Web Exclusive: Thoughts on Theatre

By Montague Gammon III

For two local theatres, the venues themselves truly set the stage for an all-encompassing theatre experience.

The taut, three-character, viscerally intense drama, Agnes of God, is perfect for Norfolk's The Venue on 35th, which can be characterized as Hampton Roads' intimate, bold, and unjustly-under-the-radar bastion of theatrical innovation.

Calling John Pielmeier's 1979 script, the story of a young woman accused of murdering her newborn child oversimplifies this highly theatrical, gut-wrenching drama.

The play is dominated by conflict between two women: the Mother Superior of the convent where the child was found, and the court appointed psychiatrist investigating the young mother's sanity. Both carry prejudices, and an individual agenda that threaten to submerge their professional duties.

Agnes, the purported mother and killer, is neither a full-fledged nun nor close to psychologically mature. She maintains that she has no memory of giving birth, or even of having sex, which introduces the possibility that this was a virgin birth.

Agnes of God is being directed by Phillip Odango, whose previous work puts him at the forefront of local directors for innovation, talent and daring. His involvement makes the already interesting Agnes especially worthy of attention.

Agnes of God will continue playing at The Venue on 35th through Jan. 29. This show is a must see so reservations are strongly recommended. The Venue on 35th is located at 631 35th Street in Norfolk. Visit www.venue-35.com for information on upcoming shows and special events.

In keeping with the subject of plays appropriate to venues, folks at The Palace Theatre in Cape Charles could not have produced a more appropriately titled script than The Importance of Being Earnest. This Oscar Wilde play is a light-hearted frolic about romance among the late-Victorian English aristocracy.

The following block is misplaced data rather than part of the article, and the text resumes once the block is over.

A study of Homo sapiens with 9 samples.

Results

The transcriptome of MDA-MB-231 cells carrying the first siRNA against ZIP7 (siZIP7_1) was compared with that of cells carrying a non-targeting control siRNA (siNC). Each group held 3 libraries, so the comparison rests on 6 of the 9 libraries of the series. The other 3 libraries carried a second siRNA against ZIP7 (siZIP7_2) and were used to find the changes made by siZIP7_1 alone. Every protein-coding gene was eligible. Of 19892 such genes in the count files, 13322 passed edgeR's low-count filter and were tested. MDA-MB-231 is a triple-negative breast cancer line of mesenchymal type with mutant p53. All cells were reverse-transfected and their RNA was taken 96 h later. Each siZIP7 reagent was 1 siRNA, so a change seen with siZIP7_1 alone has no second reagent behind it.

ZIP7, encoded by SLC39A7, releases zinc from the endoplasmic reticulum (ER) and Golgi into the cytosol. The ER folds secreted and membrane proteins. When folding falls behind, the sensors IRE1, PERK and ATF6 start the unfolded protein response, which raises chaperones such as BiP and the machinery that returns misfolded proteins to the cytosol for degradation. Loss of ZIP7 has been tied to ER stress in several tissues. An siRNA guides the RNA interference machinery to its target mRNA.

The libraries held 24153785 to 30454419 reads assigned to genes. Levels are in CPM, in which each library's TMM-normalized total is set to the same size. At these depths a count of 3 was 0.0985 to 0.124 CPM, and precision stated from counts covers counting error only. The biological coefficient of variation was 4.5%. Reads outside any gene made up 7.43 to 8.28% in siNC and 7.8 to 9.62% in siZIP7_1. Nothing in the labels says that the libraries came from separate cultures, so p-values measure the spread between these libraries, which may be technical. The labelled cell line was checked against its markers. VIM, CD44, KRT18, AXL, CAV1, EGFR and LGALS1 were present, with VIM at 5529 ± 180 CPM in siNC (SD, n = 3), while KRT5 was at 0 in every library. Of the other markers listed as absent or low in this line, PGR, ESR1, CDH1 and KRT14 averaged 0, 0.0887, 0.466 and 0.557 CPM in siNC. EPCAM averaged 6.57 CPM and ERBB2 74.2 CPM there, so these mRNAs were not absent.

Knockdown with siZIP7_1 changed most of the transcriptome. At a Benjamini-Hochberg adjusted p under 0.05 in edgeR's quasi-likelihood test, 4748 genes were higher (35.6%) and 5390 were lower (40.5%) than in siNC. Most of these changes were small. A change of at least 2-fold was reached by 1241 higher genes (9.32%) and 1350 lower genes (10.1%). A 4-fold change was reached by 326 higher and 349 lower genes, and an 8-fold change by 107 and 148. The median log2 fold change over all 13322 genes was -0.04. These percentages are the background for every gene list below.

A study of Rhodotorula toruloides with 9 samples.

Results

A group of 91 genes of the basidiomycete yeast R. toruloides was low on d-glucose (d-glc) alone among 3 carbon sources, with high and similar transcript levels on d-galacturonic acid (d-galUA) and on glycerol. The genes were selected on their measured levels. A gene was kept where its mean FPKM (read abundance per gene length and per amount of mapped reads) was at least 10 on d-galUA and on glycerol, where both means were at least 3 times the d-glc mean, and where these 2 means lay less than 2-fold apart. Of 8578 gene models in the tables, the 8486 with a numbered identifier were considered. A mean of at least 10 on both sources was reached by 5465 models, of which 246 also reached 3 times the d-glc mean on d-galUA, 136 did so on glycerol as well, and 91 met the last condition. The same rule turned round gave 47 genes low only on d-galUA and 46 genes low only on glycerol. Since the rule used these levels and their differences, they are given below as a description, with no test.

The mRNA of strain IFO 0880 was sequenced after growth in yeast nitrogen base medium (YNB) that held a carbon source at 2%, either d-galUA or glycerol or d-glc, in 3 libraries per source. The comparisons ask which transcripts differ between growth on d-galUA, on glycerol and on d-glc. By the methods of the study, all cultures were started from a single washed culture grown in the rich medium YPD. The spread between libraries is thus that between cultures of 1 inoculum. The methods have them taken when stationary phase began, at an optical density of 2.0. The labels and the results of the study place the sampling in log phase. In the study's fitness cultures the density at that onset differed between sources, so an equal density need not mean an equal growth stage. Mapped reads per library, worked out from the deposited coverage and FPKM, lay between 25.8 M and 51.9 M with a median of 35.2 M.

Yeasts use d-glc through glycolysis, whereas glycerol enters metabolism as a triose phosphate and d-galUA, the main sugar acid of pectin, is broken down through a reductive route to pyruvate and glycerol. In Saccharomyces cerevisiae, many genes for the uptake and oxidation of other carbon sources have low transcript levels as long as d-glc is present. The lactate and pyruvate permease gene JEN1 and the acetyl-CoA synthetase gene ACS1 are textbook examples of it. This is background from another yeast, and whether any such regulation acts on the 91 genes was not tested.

There could hardly be a more earnest troupe of players than the hard working amateurs who took the stage at a recent run of this classic and witty comedy.

One can assume the standing ovation at a recent performance was not unique, but rather an indication of the audience's sincere—one may even say, earnest—appreciation of both play and players.

The women's costumes were quite lovely, the men's outfits handsome, and the sets several cuts above scenery in lots of shows—but above all, it was the enjoyment of the performers, crew and the audience, linked in enthusiasm, that mattered.

The Palace Theatre, and parent organization Arts Enter Cape Charles, presents and produces a host of shows and events, offers classes and runs an arts gallery. For example, on January 22 Ladies and the King, a tribute to Elvis, Patsy Kline and Brenda Lee, went to stage. The Mullins Trio offers a truly classical prelude to Valentine's Day, with Schubert's B-flat major piano trio Op. 99 on Feb. 13. The Palace Theatre is located at 305 Mason Avenue in Cape Charles on the Eastern Shore. Visit www.artsentercapecharles.org for more information on upcoming shows.